30cm x 30cm Acrylic on Linen

SKU: L25


Jennifer Purvis was born in 1965 and is the youngest daughter to the late Greeny Purvis Petyarre and Kathleen Kemarre. Greeny was an international artist and senior custodian for Alhalkere country. Jennifer’s Great Aunt is the late Emily Kngwarreye – arguably Australia’s most famous aboriginal artist. They have assisted and instructed Jennifer both culturally and artistically.

Jennifer is a naturally talented artist and is without a doubt one of the shining lights of the younger generation of Aboriginal artists.  Jennifer was involved with the Utopia Batik movement and her work features in the prestigious Holmes á Court collection. 

Selected Collections
• The Holmes á Court Collection, Perth
• Mbantua Gallery Private Collection, Alice Springs
Selected Exhibitions
• Utopia Women’s Paintings, the First Works On Canvas, A Summer Project, 1988-89, S.H. Ervin Gallery, Sydney
• Utopia- A Picture Story, an exhibition of 88 works on silk from the Robert Holmes á Court Collection by Utopia Artists which toured Eire and Scotland
• Art and Soul Gallery, Nashville, Tennessee, U.S.A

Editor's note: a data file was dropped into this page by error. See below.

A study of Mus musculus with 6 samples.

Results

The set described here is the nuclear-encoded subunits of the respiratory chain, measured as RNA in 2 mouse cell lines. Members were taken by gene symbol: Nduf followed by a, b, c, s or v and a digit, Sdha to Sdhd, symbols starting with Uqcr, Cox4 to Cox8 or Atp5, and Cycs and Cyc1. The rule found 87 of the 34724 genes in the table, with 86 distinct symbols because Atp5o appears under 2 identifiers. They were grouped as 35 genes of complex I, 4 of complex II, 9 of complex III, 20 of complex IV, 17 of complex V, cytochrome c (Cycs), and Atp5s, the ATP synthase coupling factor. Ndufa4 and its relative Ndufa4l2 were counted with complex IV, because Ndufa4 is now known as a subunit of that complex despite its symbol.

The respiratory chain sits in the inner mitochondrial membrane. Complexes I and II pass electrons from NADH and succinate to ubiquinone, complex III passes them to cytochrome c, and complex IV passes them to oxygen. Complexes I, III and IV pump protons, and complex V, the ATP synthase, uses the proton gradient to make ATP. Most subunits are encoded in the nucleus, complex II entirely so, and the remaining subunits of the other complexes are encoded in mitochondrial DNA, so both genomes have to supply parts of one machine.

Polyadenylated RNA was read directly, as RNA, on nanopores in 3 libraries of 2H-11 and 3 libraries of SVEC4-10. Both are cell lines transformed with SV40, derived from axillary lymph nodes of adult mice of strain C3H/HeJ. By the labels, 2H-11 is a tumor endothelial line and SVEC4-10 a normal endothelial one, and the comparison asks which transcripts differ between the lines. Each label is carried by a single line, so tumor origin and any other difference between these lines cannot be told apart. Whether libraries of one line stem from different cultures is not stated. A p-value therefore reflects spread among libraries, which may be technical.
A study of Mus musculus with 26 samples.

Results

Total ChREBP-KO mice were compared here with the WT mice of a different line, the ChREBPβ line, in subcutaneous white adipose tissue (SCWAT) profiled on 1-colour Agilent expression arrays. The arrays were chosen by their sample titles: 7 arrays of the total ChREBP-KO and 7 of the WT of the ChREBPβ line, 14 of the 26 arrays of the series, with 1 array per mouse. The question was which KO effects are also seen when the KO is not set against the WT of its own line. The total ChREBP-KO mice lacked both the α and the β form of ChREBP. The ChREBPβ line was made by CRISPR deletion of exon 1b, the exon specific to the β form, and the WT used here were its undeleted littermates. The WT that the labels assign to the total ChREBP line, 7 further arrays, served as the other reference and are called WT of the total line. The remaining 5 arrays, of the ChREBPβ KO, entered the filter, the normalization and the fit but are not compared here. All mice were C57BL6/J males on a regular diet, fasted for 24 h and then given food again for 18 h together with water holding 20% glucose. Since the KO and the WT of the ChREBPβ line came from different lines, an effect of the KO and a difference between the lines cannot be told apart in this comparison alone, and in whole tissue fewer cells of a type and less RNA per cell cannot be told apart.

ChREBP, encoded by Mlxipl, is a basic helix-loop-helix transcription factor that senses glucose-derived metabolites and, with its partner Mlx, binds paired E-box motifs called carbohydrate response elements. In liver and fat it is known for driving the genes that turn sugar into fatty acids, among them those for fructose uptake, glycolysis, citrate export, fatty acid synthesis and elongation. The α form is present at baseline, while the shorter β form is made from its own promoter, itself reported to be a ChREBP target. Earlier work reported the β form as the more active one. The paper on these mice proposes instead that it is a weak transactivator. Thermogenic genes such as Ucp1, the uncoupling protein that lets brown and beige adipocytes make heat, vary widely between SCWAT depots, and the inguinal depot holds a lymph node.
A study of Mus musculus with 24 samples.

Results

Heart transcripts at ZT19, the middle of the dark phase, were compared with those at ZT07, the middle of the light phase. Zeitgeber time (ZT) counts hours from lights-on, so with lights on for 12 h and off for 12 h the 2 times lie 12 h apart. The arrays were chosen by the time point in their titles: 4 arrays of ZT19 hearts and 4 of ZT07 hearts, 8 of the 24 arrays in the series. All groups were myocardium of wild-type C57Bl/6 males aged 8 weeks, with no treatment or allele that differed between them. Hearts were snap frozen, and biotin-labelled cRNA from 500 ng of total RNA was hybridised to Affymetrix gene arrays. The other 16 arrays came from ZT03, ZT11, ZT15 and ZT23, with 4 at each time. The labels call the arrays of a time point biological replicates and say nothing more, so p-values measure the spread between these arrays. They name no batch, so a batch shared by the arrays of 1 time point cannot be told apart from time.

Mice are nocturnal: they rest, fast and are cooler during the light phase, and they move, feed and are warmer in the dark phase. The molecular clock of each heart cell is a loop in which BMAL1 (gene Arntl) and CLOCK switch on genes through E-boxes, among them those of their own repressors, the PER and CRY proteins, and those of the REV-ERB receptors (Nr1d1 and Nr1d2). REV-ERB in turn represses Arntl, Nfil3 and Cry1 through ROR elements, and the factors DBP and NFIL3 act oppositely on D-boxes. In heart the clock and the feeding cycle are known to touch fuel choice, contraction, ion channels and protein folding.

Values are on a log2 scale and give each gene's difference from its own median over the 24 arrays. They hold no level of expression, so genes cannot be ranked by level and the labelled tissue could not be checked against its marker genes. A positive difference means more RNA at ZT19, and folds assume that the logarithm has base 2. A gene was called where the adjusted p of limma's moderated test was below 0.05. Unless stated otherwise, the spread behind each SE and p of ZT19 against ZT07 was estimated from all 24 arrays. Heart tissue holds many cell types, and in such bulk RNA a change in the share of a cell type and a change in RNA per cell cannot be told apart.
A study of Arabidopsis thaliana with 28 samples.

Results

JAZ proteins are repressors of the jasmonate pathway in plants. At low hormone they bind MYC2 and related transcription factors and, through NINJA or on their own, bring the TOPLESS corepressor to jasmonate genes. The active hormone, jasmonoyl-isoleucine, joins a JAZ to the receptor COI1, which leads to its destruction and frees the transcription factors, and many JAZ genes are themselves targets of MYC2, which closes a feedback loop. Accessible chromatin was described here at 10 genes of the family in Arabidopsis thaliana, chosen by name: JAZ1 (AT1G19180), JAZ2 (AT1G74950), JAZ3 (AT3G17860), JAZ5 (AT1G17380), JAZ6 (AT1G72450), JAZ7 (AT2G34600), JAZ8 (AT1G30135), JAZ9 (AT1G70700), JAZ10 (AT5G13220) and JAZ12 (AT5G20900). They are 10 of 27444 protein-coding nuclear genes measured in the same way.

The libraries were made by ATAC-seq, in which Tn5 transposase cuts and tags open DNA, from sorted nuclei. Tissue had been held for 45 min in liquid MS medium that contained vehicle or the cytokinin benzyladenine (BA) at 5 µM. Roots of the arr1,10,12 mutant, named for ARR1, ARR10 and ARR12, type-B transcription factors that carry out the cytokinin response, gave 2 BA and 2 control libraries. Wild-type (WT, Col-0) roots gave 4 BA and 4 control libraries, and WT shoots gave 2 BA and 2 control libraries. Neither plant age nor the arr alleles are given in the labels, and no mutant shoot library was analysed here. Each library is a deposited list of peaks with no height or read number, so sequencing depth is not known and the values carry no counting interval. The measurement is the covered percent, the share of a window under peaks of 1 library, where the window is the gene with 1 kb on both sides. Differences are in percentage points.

• ‘The Cove Gallery’ Portland, Oregon U.S.A • Urban Wine Works, Portland, Oregon U.S.A
• Mary’s Woods, Portland, Oregon U.S.A
Aug-Sep 2004
• Mbantua Gallery USA exhibition; Knoxville, Tennessee
March 2005
• Yam Dreaming – Atnwelarre, Mbantua Gallery, Alice Springs, N.T

Jennifer paints the Desert Yam (or Bush Plum) story from her family’s country. The yam grows underground with its viny shrub growing above ground up to one metre high. It is normally found on Spinifex sand plains and produces large flowers after summer rain. The yam is a tuber, or swollen root, of the shrub and tastes much like the common sweet potato. It can be eaten raw or cooked and is still a staple food for the desert aborigines where it can be harvested at any time of the year. It is also renowned for its medicinal properties. This medicine is used to heal cuts, wounds, bites, rashes and as an insect repellent. In this painting, Jennifer depicts the seeds of the yam paying homage to the spirit of this special plant in the hope that it will regenerate.